NYC kids eating school lunch outdoors despite dropping temps

Talk about cold cuts.

Kids in some city schools are still eating lunch outdoors each day due to social distancing rules despite plunging temperatures and steamed parents.

“It’s getting a little ridiculous at this point,” said a mom at MS 104 in Manhattan, where kids again pulled apart their string cheese in 39-degree weather Wednesday. “They’ve eaten outdoors every day this week. It’s cold.”

A mom at a Park Slope elementary school said her child has also been dining al freezo for the entire year and began complaining about the conditions this week.

“We’ve heard no plans to bring them inside anytime soon,” she said. “In fact, they are still asking for parents to give the school their Fresh Direct bags to create seating pads. It doesn’t sound like they’re going in.”

The Department of Education allowed principals to devise their own lunch arrangements this year while complying with social distancing rules.

While some have managed to keep kids under a roof while eating, others have headed for the great outdoors.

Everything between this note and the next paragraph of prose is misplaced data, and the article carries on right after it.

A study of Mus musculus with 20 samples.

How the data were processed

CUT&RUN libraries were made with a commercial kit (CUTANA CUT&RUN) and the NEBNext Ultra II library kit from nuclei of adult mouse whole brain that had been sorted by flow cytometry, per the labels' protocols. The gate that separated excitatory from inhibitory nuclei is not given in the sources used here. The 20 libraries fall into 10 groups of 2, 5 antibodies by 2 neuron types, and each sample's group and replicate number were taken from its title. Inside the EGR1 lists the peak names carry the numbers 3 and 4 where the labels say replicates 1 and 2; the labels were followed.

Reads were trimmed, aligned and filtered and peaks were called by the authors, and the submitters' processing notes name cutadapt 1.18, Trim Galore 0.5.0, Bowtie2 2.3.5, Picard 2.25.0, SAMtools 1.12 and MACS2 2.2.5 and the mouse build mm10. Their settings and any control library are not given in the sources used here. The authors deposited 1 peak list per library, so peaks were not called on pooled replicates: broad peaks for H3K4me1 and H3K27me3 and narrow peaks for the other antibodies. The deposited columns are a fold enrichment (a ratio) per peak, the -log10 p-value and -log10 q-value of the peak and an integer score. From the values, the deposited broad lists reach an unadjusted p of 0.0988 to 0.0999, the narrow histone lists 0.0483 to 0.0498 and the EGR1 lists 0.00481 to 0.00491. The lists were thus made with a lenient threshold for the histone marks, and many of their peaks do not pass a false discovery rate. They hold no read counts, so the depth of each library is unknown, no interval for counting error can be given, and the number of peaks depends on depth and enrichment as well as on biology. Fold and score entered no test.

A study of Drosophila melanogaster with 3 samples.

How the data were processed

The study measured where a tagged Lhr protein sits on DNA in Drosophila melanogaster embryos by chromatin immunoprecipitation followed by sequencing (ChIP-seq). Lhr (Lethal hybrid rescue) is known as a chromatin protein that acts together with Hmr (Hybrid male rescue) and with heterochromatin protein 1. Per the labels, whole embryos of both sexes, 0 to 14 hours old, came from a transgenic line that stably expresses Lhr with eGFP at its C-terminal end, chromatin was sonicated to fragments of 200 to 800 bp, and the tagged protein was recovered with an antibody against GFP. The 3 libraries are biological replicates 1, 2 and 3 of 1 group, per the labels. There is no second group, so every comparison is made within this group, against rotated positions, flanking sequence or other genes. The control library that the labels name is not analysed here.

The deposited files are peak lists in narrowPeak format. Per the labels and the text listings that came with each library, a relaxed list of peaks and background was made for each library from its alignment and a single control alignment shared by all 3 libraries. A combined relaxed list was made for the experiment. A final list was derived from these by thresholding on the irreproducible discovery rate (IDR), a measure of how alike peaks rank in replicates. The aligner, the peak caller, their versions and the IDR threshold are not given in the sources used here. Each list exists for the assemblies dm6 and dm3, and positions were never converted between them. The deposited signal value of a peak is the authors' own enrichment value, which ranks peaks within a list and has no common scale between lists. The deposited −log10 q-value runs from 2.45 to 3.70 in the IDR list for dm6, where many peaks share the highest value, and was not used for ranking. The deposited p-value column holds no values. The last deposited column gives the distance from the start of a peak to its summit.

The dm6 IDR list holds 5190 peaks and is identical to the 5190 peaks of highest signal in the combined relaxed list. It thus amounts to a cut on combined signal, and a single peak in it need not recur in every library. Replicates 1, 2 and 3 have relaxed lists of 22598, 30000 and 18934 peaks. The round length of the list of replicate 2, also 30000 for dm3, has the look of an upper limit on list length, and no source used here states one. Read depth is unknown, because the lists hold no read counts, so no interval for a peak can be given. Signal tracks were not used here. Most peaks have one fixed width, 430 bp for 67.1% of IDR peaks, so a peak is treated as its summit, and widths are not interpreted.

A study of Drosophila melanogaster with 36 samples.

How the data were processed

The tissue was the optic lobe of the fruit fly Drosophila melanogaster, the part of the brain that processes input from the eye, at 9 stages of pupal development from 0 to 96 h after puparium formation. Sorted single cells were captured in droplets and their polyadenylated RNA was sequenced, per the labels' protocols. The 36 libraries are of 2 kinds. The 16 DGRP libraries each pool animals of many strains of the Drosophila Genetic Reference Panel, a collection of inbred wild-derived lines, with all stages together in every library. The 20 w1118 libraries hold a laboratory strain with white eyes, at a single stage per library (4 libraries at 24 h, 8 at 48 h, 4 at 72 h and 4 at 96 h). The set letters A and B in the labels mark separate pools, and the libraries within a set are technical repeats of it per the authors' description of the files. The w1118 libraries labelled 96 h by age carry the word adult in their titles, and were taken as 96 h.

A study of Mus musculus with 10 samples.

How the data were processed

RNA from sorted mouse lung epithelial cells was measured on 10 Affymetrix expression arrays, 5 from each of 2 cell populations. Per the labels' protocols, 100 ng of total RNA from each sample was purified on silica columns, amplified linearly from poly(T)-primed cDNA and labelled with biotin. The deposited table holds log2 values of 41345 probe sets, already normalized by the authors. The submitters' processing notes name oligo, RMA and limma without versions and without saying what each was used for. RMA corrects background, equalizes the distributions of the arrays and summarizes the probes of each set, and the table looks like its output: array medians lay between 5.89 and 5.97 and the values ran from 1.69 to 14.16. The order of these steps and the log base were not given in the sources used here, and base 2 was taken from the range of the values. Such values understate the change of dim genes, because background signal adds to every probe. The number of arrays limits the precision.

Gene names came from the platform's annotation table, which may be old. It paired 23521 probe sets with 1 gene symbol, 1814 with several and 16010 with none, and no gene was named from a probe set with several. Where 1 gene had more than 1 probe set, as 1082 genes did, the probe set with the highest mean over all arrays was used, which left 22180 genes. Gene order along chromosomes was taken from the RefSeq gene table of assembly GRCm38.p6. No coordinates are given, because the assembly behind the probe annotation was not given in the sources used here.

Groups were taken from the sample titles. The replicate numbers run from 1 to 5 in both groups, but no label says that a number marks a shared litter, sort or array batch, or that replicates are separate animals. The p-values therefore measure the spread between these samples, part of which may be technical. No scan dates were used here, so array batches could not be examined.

“It’s already hard enough for a little kid to eat outside while sitting on concrete with a mask on,” said the mother of a Brooklyn fourth-grader who ate outside this week. “What does the weather have to be to go inside? How low does it have to go?”

Daniel McKnight

Parents said their kids have only been allowed to eat indoors during heavy downpours this year.

The DOE insisted Wednesday that individual kids retain the option to eat indoors if they choose.

But parents said they’ve yet to hear of any such accommodations.

“We’ve never been told that,” the Park Slope mom said. “And no one else I know has either.”

The DOE said it would remind administrators of its policy to allow parents to have their kids eat inside if they request it.
Daniel McKnight

Several parents also noted that teachers and administrators are not eating in the elements.

“The problem is that there is no hard metric for when the kids can go inside,” one said. “It’s just up to the principal, whatever they decide goes. Hopefully we’re not out here in February.”

The DOE said Wednesday it would remind administrators of its policy to allow parents to have their kids eat inside if they request it.